An inquiry into Australian media prompted by last year's News Corp. scandal recommended on Friday better oversight of the industry and called for the establishment of a government-funded council to set and enforce journalistic standards.
The investigation was launched after Rupert Murdoch's News Corp. closed its top-selling British tabloid, News of the World, last year over illegal phone hacking allegations. News Corp. owns 70 percent of Australia's newspapers through its subsidiary, News Ltd.
There have been no allegations made in Australia of the type of phone hacking that led to the News of the World scandal in Britain. But many government lawmakers argue that News Ltd.'s newspaper holdings are too large and are biased against the ruling center-left Labor Party.
The inquiry, headed by a retired judge assisted by a journalism professor, examined the independence and effectiveness of the print media's self-regulatory watchdog, the Australian Press Council. In its report released Friday, the inquiry found the current regulatory model inadequate, and recommended a "News Media Council" be established to set journalistic standards and handle complaints when those standards are breached.
The inquiry's main criticism of the Press Council is that it does not have the necessary funding or power to carry out its functions.
"The News Media Council should have secure funding from government and its decisions made binding, but beyond that government should have no role," the inquiry recommended. "The establishment of a council is not about increasing the power of government or about imposing some form of censorship. It is about making the news media more accountable to those covered in the news, and to the public generally."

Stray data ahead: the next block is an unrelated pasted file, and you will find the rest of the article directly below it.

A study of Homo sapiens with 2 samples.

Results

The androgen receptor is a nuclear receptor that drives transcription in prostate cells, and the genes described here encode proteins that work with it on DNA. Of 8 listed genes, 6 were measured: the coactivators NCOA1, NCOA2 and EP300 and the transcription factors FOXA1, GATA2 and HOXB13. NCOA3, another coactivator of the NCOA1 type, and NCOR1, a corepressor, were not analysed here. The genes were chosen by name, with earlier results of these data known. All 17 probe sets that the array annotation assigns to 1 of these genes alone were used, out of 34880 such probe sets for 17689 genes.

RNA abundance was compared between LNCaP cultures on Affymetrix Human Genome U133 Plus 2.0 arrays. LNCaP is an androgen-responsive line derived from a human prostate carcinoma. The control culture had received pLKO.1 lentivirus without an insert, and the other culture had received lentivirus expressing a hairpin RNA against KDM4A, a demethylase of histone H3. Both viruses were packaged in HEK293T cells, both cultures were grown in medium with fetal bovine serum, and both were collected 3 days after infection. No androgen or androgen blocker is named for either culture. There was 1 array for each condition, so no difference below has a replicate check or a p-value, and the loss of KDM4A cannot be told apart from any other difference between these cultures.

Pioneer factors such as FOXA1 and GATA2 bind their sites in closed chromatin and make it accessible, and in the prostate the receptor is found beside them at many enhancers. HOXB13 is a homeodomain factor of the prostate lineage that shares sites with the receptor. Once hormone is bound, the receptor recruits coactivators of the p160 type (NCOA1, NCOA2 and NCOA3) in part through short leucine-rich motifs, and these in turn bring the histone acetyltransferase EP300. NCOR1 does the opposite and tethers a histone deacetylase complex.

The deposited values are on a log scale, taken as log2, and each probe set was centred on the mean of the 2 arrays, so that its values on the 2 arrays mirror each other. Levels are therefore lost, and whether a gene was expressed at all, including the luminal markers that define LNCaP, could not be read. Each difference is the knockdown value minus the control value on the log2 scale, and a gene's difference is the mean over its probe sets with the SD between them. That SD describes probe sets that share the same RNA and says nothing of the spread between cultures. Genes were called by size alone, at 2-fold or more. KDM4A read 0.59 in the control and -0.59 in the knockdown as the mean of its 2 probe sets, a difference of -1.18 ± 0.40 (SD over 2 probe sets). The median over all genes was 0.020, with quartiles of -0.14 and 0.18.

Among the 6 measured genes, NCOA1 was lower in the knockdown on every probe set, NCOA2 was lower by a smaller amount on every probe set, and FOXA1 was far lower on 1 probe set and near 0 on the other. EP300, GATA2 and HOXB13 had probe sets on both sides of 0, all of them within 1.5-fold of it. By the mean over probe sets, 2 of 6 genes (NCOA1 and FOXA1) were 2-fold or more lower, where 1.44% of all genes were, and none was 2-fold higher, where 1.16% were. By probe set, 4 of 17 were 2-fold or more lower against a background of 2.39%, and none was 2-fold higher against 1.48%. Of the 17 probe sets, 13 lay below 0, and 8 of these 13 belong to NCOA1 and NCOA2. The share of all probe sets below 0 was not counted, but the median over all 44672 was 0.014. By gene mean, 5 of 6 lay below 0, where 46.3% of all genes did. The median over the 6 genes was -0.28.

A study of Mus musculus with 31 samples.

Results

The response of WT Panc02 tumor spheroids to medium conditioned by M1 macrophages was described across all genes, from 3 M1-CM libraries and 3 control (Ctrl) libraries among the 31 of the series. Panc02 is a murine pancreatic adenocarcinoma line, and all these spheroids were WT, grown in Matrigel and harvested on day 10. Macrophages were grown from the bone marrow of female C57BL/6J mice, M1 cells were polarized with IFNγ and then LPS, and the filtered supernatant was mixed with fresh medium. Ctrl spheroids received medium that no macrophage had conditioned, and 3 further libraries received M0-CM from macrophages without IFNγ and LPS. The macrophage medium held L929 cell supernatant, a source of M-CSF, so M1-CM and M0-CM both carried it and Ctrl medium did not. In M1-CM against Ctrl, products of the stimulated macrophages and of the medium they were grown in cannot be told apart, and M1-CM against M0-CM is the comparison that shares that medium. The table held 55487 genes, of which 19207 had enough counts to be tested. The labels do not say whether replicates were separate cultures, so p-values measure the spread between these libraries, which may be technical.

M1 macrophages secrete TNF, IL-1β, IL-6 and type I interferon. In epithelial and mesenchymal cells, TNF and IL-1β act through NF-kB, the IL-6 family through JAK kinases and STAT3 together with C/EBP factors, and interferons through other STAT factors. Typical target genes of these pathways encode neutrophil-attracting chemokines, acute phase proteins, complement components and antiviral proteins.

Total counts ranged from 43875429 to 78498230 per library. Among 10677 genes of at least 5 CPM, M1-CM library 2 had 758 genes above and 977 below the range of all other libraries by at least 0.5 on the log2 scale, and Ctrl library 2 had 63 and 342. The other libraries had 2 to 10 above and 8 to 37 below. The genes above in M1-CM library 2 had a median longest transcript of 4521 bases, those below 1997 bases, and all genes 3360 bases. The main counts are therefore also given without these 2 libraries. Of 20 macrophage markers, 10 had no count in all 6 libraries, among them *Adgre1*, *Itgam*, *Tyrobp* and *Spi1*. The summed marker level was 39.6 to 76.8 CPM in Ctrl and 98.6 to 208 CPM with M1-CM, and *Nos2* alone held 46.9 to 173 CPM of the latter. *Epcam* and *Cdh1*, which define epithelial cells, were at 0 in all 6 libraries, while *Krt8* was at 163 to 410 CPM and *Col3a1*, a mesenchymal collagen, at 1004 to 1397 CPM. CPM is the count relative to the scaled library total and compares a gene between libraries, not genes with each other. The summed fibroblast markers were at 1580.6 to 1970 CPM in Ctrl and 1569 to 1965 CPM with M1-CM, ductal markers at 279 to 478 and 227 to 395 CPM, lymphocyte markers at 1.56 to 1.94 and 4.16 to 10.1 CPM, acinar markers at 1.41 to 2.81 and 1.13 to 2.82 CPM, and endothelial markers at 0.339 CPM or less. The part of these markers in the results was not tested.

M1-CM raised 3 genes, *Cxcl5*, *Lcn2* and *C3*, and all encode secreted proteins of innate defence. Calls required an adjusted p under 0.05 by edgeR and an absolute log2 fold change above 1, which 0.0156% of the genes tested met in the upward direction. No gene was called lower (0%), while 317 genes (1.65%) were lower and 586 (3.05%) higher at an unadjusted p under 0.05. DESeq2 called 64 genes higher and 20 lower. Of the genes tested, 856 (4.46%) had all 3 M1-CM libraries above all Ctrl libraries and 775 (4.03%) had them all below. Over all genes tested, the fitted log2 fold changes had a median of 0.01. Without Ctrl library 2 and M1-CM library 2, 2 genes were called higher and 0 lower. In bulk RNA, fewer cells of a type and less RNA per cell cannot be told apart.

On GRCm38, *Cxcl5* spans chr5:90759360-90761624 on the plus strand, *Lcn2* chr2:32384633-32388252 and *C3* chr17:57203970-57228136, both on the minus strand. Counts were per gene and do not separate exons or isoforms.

The inquiry also recommended that the new body be given the authority to force a media outlet to publish an apology, correction or retraction. It didn't specify how the new body would be empowered.
Communications Minister Stephen Conroy said in a statement that the government would consider the recommendations as part of a wider review of regulation issues involving the convergence of broadcast and online media.
Press Council chair Julian Disney said he agreed with the inquiry's findings that media standards needed to be strengthened. But he said better funding of the Press Council could achieve that without the formation of the new regulatory body. The Press Council is funded by Australian media companies, along with the Media Entertainment and Arts Alliance, which represents journalists and other media workers.
"The report has laid down a clear challenge for the publishers," Disney said in a statement. "If they wish to avoid regulation by the new body (the inquiry) proposes, which would be created by government and fully funded by it, they would need to guarantee substantially improved financial support for the Press Council."